Taking a more aggressive stand than the rest of the world, the European Parliament has approved a new rule that will phase out the use of HFCs in the EU by 2050 and reduce the EU-wide quota for these f-gases between 2024 and 2049.
The rule also introduces specific phase-out dates for the use of f-gases in sectors where alternatives are “technologically and ecologically feasible,” such as in domestic refrigeration, air-conditioning and heat pumps.
The rule – which is based on an agreement reached between the Council of the EU and the Parliament in October 2023 updating the EU F-gas Regulation – received 457 votes in favor, 92 against and 32 abstentions.
“This is a huge victory for the climate for the EU to phase out the use of f-gases, which are already doing serious harm to the planet,” said Bas Eickhout, Member of the European Parliament for the Greens/European Free Alliance and a leading negotiator on the F-gas Regulation, in a Greens/EFA press release.
“Getting rid of these super greenhouse gases will send a clear message to the market that it’s time to switch to greener alternatives,” he added. “This is essential for the climate and good for European industry, which will remain at the forefront of innovation and cleaner products.”
“This is a huge victory for the climate for the EU to phase out the use of f-gases, which are already doing serious harm to the planet.”Bas Eickhout, MEP for the Greens/European Free Alliance
The rule will now go to a vote in the Council in the coming weeks to formally endorse the texts before being published in the EU Official Journal and coming into force.
“We are very happy with this striking majority in the European Parliament, a signal that all of [the EU] is on board with the measures of the provisional agreement reached in October,” said Thomas Trevisan, Deputy Manager for Public Affairs at ATMOsphere, publisher of R744.com. “Once the legal text is public, we will provide our analysis of the agreement, [but] we expect it to substantially support the growth of natural refrigerant-based systems in Europe with spillover effects worldwide.”
EU climate goals
According to the European Parliament, the rule is designed to minimize greenhouse gas emissions in line with EU climate goals, including the European Green Deal and its Fit for 55 package, which aims to reduce EU emissions by at least 55% by 2030 compared to 1990 levels and achieve climate neutrality by 2050.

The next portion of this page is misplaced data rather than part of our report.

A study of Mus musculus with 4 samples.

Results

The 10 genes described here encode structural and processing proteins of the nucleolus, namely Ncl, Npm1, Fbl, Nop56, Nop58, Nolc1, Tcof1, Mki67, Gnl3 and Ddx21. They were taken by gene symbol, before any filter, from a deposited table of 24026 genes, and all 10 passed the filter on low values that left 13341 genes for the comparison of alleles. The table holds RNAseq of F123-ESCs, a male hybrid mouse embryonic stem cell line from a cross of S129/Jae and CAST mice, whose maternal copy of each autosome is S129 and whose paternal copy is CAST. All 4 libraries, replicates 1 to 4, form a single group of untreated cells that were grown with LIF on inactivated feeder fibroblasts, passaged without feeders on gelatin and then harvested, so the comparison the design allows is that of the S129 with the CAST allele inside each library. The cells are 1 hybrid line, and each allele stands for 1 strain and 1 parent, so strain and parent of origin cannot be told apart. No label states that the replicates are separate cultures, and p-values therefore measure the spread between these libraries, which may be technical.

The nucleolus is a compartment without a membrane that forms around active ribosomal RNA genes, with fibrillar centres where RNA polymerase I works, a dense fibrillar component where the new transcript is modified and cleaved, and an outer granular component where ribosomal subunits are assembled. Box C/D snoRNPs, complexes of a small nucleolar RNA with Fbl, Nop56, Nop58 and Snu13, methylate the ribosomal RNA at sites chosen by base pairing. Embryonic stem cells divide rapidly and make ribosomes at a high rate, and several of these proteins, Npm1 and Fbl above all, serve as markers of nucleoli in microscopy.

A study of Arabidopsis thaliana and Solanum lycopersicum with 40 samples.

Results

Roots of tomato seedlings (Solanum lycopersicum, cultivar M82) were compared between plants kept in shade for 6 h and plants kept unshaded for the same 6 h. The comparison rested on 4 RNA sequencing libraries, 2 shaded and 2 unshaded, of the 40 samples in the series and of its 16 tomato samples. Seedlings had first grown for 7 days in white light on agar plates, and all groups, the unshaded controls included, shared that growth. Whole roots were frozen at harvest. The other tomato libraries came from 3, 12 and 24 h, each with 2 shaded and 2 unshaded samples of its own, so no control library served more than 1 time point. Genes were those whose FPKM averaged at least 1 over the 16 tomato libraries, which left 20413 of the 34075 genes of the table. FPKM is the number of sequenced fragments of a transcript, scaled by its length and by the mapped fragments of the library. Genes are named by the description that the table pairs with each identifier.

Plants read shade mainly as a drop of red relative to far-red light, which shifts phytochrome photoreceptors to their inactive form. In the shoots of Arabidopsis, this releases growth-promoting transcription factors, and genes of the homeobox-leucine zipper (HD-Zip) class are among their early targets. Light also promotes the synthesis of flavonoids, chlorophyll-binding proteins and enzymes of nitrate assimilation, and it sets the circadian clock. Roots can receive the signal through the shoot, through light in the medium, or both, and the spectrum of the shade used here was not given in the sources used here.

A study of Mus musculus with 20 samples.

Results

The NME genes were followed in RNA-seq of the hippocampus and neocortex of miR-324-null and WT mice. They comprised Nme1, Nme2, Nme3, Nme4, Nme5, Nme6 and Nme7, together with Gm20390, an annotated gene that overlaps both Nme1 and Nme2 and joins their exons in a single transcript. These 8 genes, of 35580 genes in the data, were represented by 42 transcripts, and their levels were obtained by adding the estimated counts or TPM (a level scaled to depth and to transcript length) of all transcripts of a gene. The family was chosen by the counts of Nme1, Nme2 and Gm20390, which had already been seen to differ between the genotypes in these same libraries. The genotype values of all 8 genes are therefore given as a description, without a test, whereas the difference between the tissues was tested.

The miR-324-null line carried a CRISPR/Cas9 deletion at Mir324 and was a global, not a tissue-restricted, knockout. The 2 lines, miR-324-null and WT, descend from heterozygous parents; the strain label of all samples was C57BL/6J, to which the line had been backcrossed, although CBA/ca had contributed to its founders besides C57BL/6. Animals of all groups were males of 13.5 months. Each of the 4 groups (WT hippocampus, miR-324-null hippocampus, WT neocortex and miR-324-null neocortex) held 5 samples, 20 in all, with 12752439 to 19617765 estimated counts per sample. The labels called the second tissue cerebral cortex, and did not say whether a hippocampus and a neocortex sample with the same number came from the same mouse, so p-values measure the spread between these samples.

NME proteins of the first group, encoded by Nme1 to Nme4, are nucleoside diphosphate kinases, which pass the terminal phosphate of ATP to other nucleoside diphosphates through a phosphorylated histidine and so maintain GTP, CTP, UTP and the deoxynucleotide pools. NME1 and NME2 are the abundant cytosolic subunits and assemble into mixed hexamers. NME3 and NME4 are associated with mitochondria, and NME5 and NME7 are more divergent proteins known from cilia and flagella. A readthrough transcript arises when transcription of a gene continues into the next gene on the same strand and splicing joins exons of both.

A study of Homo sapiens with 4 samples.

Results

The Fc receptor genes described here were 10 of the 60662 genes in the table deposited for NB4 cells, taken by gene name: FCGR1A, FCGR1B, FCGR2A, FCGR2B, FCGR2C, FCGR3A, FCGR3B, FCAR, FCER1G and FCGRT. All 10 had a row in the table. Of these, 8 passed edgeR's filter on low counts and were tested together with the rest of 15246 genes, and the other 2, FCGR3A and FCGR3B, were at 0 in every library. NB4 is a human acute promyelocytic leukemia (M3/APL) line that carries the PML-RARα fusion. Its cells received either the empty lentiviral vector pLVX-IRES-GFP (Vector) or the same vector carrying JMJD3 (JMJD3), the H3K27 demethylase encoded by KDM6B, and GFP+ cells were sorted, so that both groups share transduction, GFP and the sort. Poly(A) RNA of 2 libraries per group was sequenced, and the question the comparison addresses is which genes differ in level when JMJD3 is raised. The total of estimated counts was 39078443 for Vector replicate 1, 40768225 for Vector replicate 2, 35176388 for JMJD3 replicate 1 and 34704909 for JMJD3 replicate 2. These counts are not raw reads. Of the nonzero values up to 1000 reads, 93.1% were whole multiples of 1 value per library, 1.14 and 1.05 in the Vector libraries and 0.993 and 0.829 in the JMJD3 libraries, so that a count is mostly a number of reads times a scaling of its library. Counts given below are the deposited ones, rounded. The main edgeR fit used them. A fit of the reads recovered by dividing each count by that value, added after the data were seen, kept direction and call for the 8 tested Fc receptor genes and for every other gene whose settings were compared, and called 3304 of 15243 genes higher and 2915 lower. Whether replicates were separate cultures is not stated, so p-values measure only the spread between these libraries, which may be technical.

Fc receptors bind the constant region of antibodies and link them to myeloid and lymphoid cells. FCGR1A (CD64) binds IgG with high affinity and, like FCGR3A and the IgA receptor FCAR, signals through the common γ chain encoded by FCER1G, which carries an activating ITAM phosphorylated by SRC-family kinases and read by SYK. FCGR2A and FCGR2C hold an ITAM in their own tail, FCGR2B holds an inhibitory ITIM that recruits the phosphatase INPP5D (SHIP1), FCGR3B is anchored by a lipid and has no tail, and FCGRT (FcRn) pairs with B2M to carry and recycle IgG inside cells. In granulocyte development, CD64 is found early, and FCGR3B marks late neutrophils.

At the base of these goals sits REPowerEU, which aims to accelerate Europe’s green energy transition while also reducing dependence on Russian fossil fuels. A significant part of REPowerEU involves the widescale deployment of heat pump technologies with a target of installing at least 30 million additional heat pumps across the region by 2030.
While some stakeholders have been critical of the EU F-gas Regulations, saying it would hamper Europe’s heat pump targets, many others believe natural refrigerants are the only future-proof option.
“In a few years, residential heat pumps will be widely used across Europe as an alternative to oil and gas heating in people’s homes and are essential to our energy transition,” said Eickhout in the Greens/EFA statement on the HFC vote. “To guarantee that heat pumps are a truly green alternative to fossil fuels, we must make sure that they are not dependent on the use of climate-killing f-gases.”
An ambitious HFC phase out, as seen with the new EU F-gas Regulation, will ensure that residential heat pump manufacturers will “switch to climate-friendly alternatives in the coming years,” he added.
In recognition of his efforts to advance the adoption of natural refrigerant-based technologies in the European HVAC&R sector, Eickhout was awarded Person of the Year at the ATMOsphere Awards/Europe 2023.